These chants, usually the basis for polyphonic composition in the earliest stages of musical history, came from Gregorian chant, church chorales, vocal music, dance melodies, etc.

What began as the sequence of long notes now popularly employed in species counterpoint studies evolved through shorter note values and ornamentation; as such it is essential for the music student to work his way through counterpoint from simple (whole note against whole note first species counterpoint) to more complex (four part fugues) techniques. This process illustrates for the student music's evolution through history from antiquity to present day.

The Cantus should act as a fixed axis on which the creative impulse of the budding composer may fasten to and develop from.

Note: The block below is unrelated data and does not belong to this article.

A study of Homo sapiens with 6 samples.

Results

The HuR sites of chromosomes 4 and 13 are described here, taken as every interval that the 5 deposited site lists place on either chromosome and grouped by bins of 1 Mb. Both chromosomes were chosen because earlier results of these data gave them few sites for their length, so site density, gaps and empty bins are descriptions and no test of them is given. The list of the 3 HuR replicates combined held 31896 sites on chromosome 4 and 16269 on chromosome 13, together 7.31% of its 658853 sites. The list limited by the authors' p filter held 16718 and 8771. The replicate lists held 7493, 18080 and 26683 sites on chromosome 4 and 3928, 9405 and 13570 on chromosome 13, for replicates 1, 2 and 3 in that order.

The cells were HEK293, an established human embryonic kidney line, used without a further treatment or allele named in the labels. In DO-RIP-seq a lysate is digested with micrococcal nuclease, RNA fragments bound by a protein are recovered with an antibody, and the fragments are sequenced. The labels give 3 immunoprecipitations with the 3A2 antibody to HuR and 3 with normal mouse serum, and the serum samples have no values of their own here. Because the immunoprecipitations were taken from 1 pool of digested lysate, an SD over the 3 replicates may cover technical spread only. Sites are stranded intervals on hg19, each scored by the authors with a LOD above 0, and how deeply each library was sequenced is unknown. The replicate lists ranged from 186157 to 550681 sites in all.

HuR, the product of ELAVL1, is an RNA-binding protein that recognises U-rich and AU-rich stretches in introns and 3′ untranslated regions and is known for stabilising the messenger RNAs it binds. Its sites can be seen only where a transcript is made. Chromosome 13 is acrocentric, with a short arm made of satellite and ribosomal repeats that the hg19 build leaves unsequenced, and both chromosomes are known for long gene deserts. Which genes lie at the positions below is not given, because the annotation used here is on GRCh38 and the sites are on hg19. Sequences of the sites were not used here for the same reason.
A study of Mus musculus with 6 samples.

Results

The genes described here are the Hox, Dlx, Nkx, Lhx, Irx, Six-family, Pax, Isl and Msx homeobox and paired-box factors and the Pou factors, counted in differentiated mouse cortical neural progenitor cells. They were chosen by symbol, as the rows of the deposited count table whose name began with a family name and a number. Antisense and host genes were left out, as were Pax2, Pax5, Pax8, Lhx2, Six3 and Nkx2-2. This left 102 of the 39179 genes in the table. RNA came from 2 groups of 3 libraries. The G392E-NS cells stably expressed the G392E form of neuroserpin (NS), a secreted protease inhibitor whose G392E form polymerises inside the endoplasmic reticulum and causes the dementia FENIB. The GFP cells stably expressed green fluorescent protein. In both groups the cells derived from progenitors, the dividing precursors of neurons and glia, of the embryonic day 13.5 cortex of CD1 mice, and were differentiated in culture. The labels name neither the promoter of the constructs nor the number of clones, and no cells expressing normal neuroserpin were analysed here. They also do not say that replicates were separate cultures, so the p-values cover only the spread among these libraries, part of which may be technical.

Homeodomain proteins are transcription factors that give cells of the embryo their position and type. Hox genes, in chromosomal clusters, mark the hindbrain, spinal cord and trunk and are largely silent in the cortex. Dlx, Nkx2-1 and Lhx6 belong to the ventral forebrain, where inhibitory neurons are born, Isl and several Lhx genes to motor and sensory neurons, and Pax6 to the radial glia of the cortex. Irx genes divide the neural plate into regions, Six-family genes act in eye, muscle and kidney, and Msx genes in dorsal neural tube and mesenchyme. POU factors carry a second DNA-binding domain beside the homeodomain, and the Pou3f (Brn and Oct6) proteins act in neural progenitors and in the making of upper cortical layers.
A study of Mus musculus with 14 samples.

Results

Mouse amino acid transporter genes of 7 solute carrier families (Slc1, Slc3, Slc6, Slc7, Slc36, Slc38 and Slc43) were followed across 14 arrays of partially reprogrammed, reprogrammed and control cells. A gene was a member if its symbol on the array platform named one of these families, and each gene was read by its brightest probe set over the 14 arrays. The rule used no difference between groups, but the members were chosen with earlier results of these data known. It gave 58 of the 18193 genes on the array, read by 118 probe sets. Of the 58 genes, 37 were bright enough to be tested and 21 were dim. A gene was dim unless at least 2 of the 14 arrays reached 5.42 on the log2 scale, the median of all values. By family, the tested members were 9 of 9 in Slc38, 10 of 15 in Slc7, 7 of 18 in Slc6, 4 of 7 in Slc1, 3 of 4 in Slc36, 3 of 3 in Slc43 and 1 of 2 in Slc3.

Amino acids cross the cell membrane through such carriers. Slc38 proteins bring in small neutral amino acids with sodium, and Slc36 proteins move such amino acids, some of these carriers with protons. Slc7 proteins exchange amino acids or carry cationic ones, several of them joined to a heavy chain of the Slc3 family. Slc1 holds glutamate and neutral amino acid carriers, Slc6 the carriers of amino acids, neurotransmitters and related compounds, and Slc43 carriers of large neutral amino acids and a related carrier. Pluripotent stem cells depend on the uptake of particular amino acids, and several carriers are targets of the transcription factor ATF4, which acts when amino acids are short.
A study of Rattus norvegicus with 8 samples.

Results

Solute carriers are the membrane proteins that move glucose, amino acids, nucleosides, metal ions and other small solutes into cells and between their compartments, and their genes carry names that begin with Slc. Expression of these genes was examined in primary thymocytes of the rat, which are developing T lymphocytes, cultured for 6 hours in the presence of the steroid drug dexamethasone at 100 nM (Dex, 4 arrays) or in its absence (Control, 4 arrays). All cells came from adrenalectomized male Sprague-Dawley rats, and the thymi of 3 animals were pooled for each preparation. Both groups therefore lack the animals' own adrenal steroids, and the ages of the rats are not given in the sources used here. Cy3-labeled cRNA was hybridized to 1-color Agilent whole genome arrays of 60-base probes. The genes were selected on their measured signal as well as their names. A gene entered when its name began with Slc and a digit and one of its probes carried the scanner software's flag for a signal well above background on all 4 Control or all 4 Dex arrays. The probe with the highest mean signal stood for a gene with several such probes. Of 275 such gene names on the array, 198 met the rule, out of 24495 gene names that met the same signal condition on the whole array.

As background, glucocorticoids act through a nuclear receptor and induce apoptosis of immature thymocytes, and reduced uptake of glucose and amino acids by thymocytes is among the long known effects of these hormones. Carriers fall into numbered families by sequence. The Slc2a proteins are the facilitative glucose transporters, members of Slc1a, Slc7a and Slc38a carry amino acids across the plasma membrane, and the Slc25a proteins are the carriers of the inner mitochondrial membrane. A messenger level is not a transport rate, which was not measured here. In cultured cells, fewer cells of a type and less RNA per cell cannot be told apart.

To put it in the terms used in Baroque musical textbooks it may be said that "...the Cantus is the rule which corrects the emotion. When the student has become qualified to compose, the emotion will correct the rule."

In simpler terms, the Cantus Firmus is the bass line given, in whole notes early on in the study of counterpoint, which you use harmonically to write a contrapuntal melody to.

Cantus firmus technique places an existing melody, which may or may not be plainchant, in a middle voice (the tenor), allowing voices both above and below to create surrounding harmonic texture. Mass cycles were typically unified by using the same cantus firmus melody in each movement. Throughout the fifteenth century, this technique was adopted in increasingly creative fashion.